Aims and protection forms

Protection of forests

Protection of waters

Plant species protection

Animal species protection

Landscape protection





The active protection of amphibians consists in, among others, providing them with places for reproduction. Research on the arrangement of various species of amphibians has shown that the biggest number of the European tree frogs occurs in the region of Sobolewo village. A substantial number of them used to mate in a shallow and densely overgrown small water reservoir which sometimes dried out. As a consequence, many tadpoles died. With the effort of the Park, this reservoir has been deepened and its bottom has been formed in a way ensuring the optimal use of the small pond by the amphibians.


Apart from protecting reproduction places, another method of active protection is reducing the mortality of amphibians during their migrations from their wintering places to water reservoirs. In spring the Park’s workers with the help of pupils from local schools place on the trails of amphibians small, low fences which prevent amphibians from entering the road, where they would be run down with vehicles. Gathering amphibians are taken to the other side of the roadway where they are able to safely continue their migration.


Although the number of old trees in forests of the Park is still increasing, the number of trees with nests is still low. That is why foresters hang in many places nesting boxes, thus making it possible for many species of birds to hatch. Their size varies from the smallest ones, intended for tits, to really big ones, where birds such as the common goldeneye or the common merganser nest.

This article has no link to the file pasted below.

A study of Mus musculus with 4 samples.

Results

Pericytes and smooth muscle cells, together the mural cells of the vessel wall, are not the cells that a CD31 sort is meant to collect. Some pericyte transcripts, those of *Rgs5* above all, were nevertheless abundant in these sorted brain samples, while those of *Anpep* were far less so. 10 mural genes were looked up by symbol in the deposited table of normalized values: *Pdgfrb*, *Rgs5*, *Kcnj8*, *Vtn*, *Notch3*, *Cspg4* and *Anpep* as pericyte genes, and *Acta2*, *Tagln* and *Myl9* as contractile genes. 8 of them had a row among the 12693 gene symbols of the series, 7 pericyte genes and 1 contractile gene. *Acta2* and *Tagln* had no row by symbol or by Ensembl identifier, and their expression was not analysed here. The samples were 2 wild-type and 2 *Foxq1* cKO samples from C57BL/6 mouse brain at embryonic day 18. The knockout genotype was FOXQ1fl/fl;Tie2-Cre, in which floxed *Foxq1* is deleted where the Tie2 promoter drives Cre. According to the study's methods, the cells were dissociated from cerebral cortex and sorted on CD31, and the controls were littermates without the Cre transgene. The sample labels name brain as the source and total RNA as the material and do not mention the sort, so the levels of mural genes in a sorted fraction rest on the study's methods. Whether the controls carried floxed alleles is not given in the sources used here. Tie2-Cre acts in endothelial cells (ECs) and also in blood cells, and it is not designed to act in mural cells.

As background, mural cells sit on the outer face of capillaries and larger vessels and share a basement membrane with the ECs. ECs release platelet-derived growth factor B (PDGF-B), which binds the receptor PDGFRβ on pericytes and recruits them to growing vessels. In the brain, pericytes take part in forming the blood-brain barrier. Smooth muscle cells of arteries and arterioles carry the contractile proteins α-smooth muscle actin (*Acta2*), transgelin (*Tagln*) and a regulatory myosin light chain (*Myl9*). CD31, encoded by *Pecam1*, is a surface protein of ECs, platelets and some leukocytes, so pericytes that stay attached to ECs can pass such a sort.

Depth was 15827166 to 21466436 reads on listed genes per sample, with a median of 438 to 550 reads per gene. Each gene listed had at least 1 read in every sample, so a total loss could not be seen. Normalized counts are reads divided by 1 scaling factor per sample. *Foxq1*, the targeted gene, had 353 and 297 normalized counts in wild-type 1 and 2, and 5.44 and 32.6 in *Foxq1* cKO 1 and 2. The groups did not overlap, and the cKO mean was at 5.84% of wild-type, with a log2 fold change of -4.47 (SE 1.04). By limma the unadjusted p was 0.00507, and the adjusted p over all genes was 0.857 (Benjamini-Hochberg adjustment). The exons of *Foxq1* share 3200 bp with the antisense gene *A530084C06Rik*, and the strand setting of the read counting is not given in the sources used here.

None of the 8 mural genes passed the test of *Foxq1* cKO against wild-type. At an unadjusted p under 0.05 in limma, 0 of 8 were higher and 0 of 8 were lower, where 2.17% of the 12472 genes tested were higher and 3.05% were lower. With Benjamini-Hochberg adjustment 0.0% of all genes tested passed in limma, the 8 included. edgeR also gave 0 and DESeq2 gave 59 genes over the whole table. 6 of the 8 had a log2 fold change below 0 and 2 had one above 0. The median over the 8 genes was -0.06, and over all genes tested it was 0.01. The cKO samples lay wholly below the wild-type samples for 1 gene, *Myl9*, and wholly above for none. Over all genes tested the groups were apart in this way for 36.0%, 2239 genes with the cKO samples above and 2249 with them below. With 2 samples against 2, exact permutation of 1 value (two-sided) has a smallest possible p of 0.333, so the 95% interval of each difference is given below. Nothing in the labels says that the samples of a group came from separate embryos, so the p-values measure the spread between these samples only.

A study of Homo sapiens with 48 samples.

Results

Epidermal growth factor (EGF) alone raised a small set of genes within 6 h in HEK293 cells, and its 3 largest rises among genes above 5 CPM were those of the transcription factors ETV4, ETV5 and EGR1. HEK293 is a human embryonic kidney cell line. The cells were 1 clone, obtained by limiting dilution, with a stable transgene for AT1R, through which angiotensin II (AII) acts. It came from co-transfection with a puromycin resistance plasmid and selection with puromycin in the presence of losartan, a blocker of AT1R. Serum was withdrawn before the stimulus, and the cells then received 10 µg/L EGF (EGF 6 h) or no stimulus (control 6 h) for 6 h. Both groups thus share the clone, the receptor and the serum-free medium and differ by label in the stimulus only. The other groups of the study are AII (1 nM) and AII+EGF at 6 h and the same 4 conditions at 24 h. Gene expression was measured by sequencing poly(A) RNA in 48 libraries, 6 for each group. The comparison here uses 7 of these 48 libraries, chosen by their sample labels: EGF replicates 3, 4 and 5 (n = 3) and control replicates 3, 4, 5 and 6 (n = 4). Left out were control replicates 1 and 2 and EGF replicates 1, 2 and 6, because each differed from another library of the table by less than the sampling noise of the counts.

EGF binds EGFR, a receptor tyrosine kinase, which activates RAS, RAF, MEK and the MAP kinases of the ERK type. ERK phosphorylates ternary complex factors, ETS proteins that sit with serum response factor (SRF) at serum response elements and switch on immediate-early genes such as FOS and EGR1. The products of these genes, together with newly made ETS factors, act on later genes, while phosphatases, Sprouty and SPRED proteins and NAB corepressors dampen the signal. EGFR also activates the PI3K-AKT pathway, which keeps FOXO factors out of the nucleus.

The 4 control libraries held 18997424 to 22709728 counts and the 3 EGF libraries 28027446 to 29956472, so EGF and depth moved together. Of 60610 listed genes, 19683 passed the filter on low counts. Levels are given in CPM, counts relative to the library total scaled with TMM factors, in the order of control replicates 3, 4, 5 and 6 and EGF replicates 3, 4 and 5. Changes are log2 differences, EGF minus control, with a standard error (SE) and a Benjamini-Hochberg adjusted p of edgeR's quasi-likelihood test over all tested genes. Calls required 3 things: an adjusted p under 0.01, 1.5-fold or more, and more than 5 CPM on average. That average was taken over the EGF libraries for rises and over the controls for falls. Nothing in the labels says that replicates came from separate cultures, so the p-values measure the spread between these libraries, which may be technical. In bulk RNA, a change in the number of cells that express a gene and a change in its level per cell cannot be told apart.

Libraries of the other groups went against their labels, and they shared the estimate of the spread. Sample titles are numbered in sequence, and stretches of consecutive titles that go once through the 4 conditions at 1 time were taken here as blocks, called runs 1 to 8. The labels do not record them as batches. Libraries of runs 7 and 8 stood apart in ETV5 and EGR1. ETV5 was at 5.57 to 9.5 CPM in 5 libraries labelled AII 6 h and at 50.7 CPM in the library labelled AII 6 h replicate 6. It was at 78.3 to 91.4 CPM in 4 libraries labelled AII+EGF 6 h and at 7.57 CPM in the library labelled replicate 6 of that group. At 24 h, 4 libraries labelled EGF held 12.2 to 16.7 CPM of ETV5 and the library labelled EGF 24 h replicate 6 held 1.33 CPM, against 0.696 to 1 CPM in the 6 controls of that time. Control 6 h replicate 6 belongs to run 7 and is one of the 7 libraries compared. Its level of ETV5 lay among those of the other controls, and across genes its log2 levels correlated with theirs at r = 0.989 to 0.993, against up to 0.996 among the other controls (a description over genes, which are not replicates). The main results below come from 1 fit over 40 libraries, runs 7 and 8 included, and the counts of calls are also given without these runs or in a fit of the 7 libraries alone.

Regulations concerning sailing are subjected to the aims of the protection of aquatic birds. Tourists can sail on the waters of Lake Wigry and other reservoirs only when the birds nesting in the shoreline zone finish their hatching.


Another form of animals’ protection is establishing zones protecting their refuges, their reproduction places or places where animals stay regularly. In the area of the Park, three such zones have been established around the nests of the sea eagles. The radius of each zone is 200 meters during the whole year, while in the period from 1 January until 31st July is 500 meters. The protective zones ensure birds’ peaceful hatching and bringing up their young.